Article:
The Upper Tribunal has dismissed an appeal against the refusal by HMRC to allow claims to revise the quantum of VAT repayable in respect of a margin claim on demonstrator cars (Cambria Automobiles (South East) Ltd v HMRC  UKUT 249 (TCC)).
Claims were made to HM Customs & Excise in June 2003 (“the 2003 claims”) in respect of the appellants (respectively “Cambria” and “Invicta”, and together “the Companies”) to recover historical overpaid VAT arising out of the CJEU Italian Republic case in respect of demonstrator vehicles. The 2003 claims were rejected and appeals against that rejection were notified to the VAT Tribunal.
Before the appeals were heard, and after various adjustments were made following lengthy negotiations, the 2003 claims were settled in March 2006 by agreement between the parties under section 85 VATA 1994, s. 85) (“the Section 85 Agreement”). Subsequently the quantum of the 2003 claims was considered to have been understated, because of errors in the tables originally published by HM Customs & Excise which showed the basis upon which they were prepared to accept Italian Republic claims. These tables had formed the basis of the 2003 claims.
New claims were then submitted by the Companies to HMRC in March 2009 (“the 2009 claims”), seeking to recover the shortfall in the original 2003 claims. HMRC ultimately rejected the 2009 claims. Appeals against this rejection were notified to the First-tier Tribunal in 2009 and 2010 but the appeals were stayed for other reasons. Ultimately the stays were lifted and the appeals were heard by the FTT.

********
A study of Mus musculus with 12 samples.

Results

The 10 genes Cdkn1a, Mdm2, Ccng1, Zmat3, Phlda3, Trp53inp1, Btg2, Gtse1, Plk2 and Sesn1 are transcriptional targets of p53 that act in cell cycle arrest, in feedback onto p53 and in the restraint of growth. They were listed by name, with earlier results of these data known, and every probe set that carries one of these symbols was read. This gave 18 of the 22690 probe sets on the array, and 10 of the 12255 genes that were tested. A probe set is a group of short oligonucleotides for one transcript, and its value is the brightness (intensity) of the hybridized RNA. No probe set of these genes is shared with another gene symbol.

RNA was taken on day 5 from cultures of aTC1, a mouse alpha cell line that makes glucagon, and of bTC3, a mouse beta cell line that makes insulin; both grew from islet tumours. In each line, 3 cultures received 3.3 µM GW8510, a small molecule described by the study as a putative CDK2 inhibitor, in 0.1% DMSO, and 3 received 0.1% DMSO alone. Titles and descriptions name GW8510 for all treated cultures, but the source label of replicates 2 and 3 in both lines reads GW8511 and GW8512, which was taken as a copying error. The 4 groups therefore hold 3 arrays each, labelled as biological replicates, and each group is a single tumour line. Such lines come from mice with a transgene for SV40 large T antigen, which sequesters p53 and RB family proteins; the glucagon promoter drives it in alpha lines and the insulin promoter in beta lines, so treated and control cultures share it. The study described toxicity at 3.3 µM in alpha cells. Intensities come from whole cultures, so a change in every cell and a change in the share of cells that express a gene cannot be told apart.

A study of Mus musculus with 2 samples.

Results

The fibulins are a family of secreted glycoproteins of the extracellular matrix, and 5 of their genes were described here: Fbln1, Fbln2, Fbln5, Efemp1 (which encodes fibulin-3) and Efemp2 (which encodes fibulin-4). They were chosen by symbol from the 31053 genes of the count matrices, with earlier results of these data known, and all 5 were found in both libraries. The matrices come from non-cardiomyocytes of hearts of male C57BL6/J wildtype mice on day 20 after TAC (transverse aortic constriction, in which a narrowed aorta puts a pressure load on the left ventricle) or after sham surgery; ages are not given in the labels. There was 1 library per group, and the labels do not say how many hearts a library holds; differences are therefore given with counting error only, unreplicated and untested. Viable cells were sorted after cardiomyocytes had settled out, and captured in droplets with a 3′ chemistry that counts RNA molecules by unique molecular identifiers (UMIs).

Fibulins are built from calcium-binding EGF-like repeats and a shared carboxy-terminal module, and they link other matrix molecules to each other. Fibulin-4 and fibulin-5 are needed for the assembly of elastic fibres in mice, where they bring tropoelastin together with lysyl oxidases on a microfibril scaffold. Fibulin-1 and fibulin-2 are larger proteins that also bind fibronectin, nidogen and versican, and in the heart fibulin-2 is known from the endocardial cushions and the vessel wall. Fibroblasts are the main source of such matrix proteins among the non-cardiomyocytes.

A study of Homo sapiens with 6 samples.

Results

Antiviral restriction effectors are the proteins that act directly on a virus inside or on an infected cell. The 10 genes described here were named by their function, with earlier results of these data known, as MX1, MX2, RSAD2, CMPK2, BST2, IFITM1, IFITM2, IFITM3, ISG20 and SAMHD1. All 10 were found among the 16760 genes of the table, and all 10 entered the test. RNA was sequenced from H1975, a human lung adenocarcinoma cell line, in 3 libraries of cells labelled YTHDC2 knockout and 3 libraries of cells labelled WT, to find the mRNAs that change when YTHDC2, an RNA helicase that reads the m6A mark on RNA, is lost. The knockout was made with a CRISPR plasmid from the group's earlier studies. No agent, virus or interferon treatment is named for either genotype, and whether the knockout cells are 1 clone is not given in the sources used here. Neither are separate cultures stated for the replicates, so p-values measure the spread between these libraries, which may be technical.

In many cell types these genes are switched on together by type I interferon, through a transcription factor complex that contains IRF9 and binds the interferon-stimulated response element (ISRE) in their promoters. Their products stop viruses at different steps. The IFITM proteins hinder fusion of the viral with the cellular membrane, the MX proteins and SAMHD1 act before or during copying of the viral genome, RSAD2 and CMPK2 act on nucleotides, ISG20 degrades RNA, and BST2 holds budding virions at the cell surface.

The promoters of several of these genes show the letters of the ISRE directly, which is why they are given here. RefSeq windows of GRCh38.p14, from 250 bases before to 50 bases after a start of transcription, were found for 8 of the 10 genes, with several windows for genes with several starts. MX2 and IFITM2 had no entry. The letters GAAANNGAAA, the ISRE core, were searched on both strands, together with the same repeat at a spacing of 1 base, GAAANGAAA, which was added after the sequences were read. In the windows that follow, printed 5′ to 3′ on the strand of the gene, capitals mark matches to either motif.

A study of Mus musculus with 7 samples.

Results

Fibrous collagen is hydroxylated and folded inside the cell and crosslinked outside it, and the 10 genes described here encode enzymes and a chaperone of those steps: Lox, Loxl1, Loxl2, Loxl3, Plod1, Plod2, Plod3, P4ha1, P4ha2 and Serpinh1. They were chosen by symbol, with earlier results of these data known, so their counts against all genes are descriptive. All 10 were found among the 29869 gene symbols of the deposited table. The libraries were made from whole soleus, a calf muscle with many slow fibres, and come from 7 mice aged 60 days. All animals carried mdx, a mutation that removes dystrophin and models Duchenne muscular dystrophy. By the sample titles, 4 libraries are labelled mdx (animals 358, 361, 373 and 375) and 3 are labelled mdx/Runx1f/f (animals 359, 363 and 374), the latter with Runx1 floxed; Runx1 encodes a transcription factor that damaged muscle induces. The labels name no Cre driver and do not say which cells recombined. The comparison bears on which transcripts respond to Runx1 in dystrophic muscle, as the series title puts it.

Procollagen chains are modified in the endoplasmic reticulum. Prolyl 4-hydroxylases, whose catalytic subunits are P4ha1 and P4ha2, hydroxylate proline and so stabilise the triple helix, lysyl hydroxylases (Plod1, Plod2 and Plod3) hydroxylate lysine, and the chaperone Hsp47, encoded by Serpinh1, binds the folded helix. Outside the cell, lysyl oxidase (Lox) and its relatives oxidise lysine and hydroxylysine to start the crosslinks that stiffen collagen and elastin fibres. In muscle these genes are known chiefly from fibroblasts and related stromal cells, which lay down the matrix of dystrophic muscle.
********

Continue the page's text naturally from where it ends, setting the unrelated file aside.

In a decision dated 9 November 2021 (“the Decision”), the FTT (Judge Popplewell) decided (in summary) that the 2009 claims were precluded from being brought by virtue of the Section 85 Agreement, they amounted to an abuse of the process of the FTT and therefore ought to be struck out as having no reasonable prospects of success. Cambria and Invicta appealed against that decision.
Having considered the matter the UT concluded:
“For the above reasons, we consider it is clear that a reasonable person, having all the background knowledge which would have been available to the parties at the time of signature of the Section 85 Agreement, would have understood the phrase “the Appellants’ claim for overpaid VAT” in the Section 85 Agreement to have the meaning contended for by HMRC, namely as extending to all overpayments pursuant to the Italian Republic case in relation to the vehicles supplied by the Companies during the relevant periods.
Neither party disputed that if we reached this conclusion, then it would automatically follow that the appeals against HMRC’s refusal of the 2009 claims ought to be dismissed as an abuse of process. We agree.
It follows that we agree with the FTT that the Section 85 Agreement precludes the Companies from making any further valid Italian Republic claims in respect of the periods covered by it, that the attempt to do so in the 2009 claims was invalid and therefore their appeals against HMRC’s refusal of those claims amounts to an abuse of process.
We consider there to have been errors in the FTT’s Decision and therefore set it aside. In remaking the decision, we have reached the same conclusion as the FTT but for the different reasons which we have given. The appeal is therefore DISMISSED.”